The Moors' Clock Tower is one of the most famous architectural landmarks in Venice, standing over an arch that leads into what has for centuries been Venice's ancient center of trade, the old Mercerie. The Tower and its large Astronomical Clock, a masterpiece of technology and engineering, form an essential part of the very image of Venice. They have measured out the flow of life and history within the city for more than five hundred years.
Guided tours to all four floors are now available, only upon reservation, and accompanied by an expert guide.
A first small flight of stone steps leads up to a little room in which the history of the Clock Tower is explained. Here you can see the network of pulleys, weights, and counterweights as they silently rise and fall at regular intervals.
Climb the beautiful wrought iron spiral staircase towards the complex workings of the clock proper. Get a close view of the mechanism and the gears linking it with the south and north clock faces, overlooking St. Mark’s Square and the labyrinth of little streets of the Mercerie.
A further staircase leads up to the next floor, where you can see the wooden statues of the Magi and the Angel as well as the two ornate doors from which these statues emerge in procession twice a year, on the feast days of Epiphany and Ascension. Here you can also see inside the mechanism of the clock barrels which indicate the hours and the minutes.
Going even higher in the tower you reach a room with components belonging to the 15th century clock mechanism. You can also access the two side terraces and, via a steep spiral staircase, the Two Moors Terrace. Here, you not only get a close look at the two colossal statues, but can also enjoy a splendid view of Venice and its lagoon.
The clock dial facing the Piazza comprises four different elements. The first one is a fixed marble circle inscribed with Roman numerals signifying the hours. The second one is a mobile larger ring, bearing the signs of the zodiac and the related constellations, the names of the months, and the number of the days. The third element is a thinner ring bearing the hour hand in the form of a sun with a long ray. The fourth and final element is an inner disk with the Earth (at the center) and the Moon, which rotates on its axis to represent its various phases.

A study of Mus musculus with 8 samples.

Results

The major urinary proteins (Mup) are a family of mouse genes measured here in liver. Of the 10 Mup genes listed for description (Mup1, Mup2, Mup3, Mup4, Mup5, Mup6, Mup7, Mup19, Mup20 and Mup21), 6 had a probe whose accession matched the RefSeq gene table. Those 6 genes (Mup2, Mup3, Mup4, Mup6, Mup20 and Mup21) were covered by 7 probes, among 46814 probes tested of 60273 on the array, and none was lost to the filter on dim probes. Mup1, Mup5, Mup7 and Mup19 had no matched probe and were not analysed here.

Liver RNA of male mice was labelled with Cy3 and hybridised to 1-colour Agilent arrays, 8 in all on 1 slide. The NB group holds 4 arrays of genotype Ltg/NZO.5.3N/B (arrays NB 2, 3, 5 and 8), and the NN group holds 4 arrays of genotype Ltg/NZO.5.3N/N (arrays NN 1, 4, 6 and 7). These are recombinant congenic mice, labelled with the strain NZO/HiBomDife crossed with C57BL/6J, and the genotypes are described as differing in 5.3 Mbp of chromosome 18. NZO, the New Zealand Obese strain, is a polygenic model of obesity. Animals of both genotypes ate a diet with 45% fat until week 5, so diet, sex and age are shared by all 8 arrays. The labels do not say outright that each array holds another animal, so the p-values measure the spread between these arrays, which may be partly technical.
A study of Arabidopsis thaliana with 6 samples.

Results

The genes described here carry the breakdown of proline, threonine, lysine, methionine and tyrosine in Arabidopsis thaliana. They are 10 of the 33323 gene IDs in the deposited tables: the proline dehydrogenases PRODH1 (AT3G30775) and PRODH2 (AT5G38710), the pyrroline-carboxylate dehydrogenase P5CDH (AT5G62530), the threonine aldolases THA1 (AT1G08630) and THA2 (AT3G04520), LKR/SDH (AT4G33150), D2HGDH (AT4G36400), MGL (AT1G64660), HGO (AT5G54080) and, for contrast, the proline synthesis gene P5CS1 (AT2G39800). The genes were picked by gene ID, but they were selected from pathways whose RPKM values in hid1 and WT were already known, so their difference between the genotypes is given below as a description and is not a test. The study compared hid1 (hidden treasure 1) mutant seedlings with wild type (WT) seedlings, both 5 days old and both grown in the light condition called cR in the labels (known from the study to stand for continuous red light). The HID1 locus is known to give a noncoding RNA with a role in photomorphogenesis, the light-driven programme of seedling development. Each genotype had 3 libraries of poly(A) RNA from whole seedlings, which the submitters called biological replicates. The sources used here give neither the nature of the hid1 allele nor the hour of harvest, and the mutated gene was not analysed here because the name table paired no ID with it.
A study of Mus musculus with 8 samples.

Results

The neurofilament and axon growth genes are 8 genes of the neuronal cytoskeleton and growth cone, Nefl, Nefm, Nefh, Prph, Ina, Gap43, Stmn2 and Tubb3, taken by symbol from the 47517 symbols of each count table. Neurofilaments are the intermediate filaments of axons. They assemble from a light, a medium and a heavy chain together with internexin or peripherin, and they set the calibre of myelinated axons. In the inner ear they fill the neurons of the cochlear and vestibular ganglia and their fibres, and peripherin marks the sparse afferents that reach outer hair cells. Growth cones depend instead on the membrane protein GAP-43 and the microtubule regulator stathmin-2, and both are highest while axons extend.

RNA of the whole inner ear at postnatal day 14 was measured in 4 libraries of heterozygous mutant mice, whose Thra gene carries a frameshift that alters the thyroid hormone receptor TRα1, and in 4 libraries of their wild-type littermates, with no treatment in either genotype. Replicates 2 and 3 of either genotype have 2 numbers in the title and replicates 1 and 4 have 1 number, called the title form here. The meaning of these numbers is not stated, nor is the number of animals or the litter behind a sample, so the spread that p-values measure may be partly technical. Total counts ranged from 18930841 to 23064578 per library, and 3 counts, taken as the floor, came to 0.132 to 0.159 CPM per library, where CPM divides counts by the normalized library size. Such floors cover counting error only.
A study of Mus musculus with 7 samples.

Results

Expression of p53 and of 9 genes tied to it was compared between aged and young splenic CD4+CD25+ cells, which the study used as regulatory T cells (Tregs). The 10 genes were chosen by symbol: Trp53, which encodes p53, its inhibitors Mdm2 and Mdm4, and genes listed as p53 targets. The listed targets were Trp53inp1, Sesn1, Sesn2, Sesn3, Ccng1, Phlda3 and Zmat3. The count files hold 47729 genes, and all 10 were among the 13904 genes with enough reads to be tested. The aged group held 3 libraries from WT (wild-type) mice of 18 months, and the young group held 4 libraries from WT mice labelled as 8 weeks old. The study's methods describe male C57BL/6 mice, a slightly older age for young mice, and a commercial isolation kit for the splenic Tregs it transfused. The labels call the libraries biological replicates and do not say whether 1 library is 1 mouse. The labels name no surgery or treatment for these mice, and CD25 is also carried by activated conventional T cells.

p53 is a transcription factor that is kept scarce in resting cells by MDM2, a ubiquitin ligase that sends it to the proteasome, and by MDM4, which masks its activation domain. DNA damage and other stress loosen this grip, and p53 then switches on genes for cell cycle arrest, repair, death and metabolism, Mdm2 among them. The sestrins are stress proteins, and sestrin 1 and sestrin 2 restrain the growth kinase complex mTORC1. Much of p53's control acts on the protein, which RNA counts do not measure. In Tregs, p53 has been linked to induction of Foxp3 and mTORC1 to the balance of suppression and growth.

The moving rings are made of wood faced with blue enameled copper, while the numbers and the stars are made of gilded, embossed copper. The signs of the zodiac are particularly well-crafted and date from the original clock-face. With the passage of days and months, the different speeds of the rings move the symbols of the sun and moon through the various constellations of the zodiac.
On the other hand, the clock-face over the Mercerie comprises three separate elements. The first is an outer fixed marble ring, inscribed with Roman numerals signifying the hours. A circle of mosaic scattered with golden stars is at the center of this ring. Inside this is a moving disk, about 67 inches in diameter, decorated with flaming rays in embossed copper. Traces of the original gilding are still visible on this face of the sun indicating the hours. At the center is a copper lion of St. Mark. Once gilded, it serves to cover the end of the axle transmitting power to the clock-hand.
When the Clock Tower was built in 1499, the Three Kings and the Angel with the Trumpet were designed to come out every hour from the loggia on the second level of the structure and pass in procession before the statue of the Madonna and Child.
However, the delicacy of the complex mechanism was subject to great wear and tear over time - so eventually the procession had to be reduced in frequency - or stopped altogether. Still in use today, it comes into operation only twice a year: on Epiphany and the Feast of the Ascension. The actual wooden statues of the Three Kings and the Angel were restored by Giovanni Battista Alviero in 1755.
Originally, the two doors from which the Three Kings and the Angel emerged in procession were wooden structures faced with painted and gilded metal, and decorated with two gilded angels of embossed metal. Since 1858, these doors have been absent for most of the year, replaced by two metal openings which are decorated with gilded geometric motifs and make it possible to read the panels of the hours and minutes on the two rotating barrels installed by Luigi De Lucia.
The two giant bronze statues, know as the “Moors” because of the patina on the metal, were cast in 1497 by Ambrogio della Ancore. The bodies are hinged at the waist to permit the movement of striking the bell. The bell, surmounted by a gilded sphere and a cross, was also cast in 1497. During the middle of the 19th century, the tower's roofing was replaced, and the bell and the two Moors were raised about three feet above their original level.
The interior of the Clock Tower comprises various small spaces linked by narrow and steep stairs. The building is therefore inaccessible for those with walking difficulties, and the visit is not recommended for pregnant women or for those who suffer from claustrophobia, vertigo, or heart conditions and respiratory diseases. Visitors must be at least 6 years old.